Food course making a difference


VULCAN – For this group of high school students, taking school work home isn’t something they’re likely to grumble about.

Ten Palliser Beyond Borders at Vulcan Outreach students are currently enrolled in a special foods program, Freezer Foods Frenzy, being piloted there.

Their pay-off for putting in a full day of cooking instruction once a month is more than just school credits. They’re also stocking the freezer to fend off seriously rumbling stomachs down the road.

The experience has also instilled a sense of pride in what they’re achieving, says course instructor Lee Porath.  She recalls one particular student who was beaming about taking home and sharing with a friend the meal she had prepared in class.

“She was so excited because she knew how good it was,” says Porath.

The Palliser alternative high school  offered a more traditional foods program last year, with students making a meal to eat that day for lunch. With a growing number of their students either living on their own or with a family having a tough time making ends meet, that might be their only meal of the day.

“I was hoping by creating this, on those down times when they don’t actually have food, they can open their freezer and have a meal,” she says. “We can’t educate our students until their basic needs are met and food is one of their basic needs. This program just lets us hit that basic need outside of school time.”

Palliser Regional Schools provided funding for the first month of the pilot project, with Vulcan and Region Family and Community Support Services picking up the tab the following two months. Porath is busy applying for every grant imaginable to cover costs going forward, but at this point she isn’t sure where the money will come from to continue with the program.

Cassady Bear was already living on her own and cooking for herself daily before Freezer Foods Frenzy was offered. The 17-year-old had no hesitation in signing up, however.

“I just like it because it’s food and food is amazing,”she says, listing Lazy Lasagna among the favourite dishes she’s learned to cook so far. “I get to learn new recipes that I normally wouldn’t have time to look for.”

Bear admits to being a picky eater but has learned that garlic, onions and even cream cheese can be made palatable when mixed properly with other ingredients.

“It’s broadened my horizons, I guess,” she says of the course.

Bear prefers hands-on learning opportunities, rather than relying solely on a text book, and Freezer Foods Frenzy fits in perfectly with that.

“You get to see and taste the end result immediately. And we get to be the judge, after we eat it, whether it was good or bad or what it might have needed,” she says.

Porath says the monthly gatherings allow plenty of time to visit as they prepare the food, and she gets to learn more about her students at the same time.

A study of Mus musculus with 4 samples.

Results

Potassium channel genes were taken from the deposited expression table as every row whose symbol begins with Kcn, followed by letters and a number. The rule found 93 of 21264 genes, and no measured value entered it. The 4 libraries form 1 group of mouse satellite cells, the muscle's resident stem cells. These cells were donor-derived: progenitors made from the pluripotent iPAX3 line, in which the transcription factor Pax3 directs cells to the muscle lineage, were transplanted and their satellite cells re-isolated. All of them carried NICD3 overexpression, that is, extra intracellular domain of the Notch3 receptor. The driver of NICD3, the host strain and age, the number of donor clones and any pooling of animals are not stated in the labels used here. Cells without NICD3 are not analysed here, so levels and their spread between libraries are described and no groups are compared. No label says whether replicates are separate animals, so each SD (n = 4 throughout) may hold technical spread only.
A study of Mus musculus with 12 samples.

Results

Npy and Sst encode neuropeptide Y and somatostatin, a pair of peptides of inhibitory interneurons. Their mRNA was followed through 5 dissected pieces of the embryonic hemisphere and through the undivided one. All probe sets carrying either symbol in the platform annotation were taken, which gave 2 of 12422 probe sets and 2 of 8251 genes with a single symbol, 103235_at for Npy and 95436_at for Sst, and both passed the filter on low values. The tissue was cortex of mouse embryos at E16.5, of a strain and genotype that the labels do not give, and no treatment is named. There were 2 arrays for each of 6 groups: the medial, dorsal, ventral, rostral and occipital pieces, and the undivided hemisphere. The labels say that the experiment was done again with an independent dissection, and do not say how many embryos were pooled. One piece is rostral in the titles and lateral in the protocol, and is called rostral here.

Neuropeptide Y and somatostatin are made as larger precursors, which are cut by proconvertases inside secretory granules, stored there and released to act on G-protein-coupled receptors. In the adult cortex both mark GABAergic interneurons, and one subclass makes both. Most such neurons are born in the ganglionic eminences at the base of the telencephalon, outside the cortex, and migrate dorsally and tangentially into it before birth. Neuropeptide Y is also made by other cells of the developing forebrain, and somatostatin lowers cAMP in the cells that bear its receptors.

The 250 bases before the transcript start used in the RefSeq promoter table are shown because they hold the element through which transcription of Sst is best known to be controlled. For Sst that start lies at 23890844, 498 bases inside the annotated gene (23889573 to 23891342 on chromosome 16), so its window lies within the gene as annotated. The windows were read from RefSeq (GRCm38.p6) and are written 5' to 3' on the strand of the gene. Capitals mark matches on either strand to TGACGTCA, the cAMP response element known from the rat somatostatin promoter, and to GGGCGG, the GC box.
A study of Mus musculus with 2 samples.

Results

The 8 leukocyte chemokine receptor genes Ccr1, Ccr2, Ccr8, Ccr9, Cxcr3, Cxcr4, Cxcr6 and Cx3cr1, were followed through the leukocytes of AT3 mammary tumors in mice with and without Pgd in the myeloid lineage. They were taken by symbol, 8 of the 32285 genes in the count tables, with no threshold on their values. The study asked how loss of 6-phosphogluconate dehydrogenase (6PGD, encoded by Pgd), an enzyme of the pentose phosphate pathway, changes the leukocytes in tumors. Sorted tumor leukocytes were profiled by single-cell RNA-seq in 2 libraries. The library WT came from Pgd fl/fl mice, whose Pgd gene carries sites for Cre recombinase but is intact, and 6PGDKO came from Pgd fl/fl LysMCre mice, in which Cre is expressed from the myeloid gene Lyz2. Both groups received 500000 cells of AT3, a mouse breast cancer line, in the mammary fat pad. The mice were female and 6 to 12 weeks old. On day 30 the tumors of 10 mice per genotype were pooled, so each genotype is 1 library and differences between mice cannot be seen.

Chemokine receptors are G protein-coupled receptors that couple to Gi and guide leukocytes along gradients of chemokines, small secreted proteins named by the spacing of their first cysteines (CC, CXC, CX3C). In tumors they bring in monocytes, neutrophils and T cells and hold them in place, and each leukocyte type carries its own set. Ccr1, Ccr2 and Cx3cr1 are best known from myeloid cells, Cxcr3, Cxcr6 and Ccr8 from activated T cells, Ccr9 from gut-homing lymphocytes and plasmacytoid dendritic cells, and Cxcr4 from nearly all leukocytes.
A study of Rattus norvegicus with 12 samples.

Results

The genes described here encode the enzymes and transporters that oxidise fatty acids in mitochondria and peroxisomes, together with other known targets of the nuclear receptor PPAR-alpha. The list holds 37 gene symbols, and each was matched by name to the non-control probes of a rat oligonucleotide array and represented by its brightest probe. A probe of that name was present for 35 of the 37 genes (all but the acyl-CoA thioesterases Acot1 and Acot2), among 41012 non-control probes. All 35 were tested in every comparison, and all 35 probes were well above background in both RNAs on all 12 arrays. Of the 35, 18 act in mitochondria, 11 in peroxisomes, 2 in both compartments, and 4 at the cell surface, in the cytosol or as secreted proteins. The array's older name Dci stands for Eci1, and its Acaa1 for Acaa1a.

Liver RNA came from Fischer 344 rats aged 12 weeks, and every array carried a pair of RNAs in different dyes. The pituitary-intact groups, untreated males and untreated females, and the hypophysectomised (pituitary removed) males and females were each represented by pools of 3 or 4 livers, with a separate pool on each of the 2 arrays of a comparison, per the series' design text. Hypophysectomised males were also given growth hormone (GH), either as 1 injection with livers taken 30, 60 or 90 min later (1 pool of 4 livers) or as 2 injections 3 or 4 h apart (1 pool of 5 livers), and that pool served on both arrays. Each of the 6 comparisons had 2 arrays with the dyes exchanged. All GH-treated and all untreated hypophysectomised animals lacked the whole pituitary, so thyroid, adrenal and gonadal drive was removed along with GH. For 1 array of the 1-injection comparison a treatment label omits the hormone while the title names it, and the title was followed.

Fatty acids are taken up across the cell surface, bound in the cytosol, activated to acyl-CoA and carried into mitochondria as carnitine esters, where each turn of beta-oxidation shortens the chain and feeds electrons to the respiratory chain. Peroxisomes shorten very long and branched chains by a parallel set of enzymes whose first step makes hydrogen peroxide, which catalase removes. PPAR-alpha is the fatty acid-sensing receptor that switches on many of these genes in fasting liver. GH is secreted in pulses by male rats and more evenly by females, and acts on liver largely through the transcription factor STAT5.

“We enjoy those days because there’s lots of learning going on that you don’t even realize is learning,” she says.

The course meets curriculum requirements in a number of ways, says Porath. Nutrition and food safety components are both covered, and budgeting and meal planning have opened more than a few eyes.

“They ask ‘how do you make meals that are cheap? Because I make a meal for myself and have so much left over and I don’t want to eat the same thing for three days in a row,’ ” she says of her students. “They had no idea they could freeze it for later.”

Planning and preparing meals ahead of time also allows them to reduce costs, just $1.59 per serving at their last workshop.

Cooking for a full day each month at County Central High School’s foods lab – rather than an hour or two a week – makes it easier for students to work around schedules that often include full-time employment in addition to school. It also allows each student to try four to five recipes and prepare eight to 10 meals for themselves, each consisting of four servings.

Porath was thrilled when Vulcan FCSS provided funding for the Vulcan outreach school to purchase a freezer, since some of the students aren’t sure where they’ll be living from month-to-month, never mind finding space to store frozen meals. With Furniture Villa offering them a deal on that freezer, there was money left over for groceries.

Individuals or businesses interested in making financial or other donations  to the program – Porath is also looking for new or used crockpots so students and adopted families can reheat the frozen meals – can contact the school at 403-485-6180.

All but a couple of the students in the program rely on the food they cook to get by.  There were students who Porath knew would be interested and didn’t want to exclude because they or their families weren’t in need.

Those students cook freezer meals for families of County Central  students who have been identified by the staff there.

Scott Lake is working presently but it’s been a challenge to pay the rent and put food on the table and he, his wife and daughter are appreciative of the meals Freezer Foods Frenzy provides them.

“And the food is remarkable,” says Lake, who’s looking forward to digging into the pizza pasta the family received.  “We haven’t had a bad meal yet.”

Not only is the program helping those in need, he says it provides the students with practical experience for when they enter the workforce.

“When I was in school, I never saw anything like that and it’s refreshing to see,” says Lake.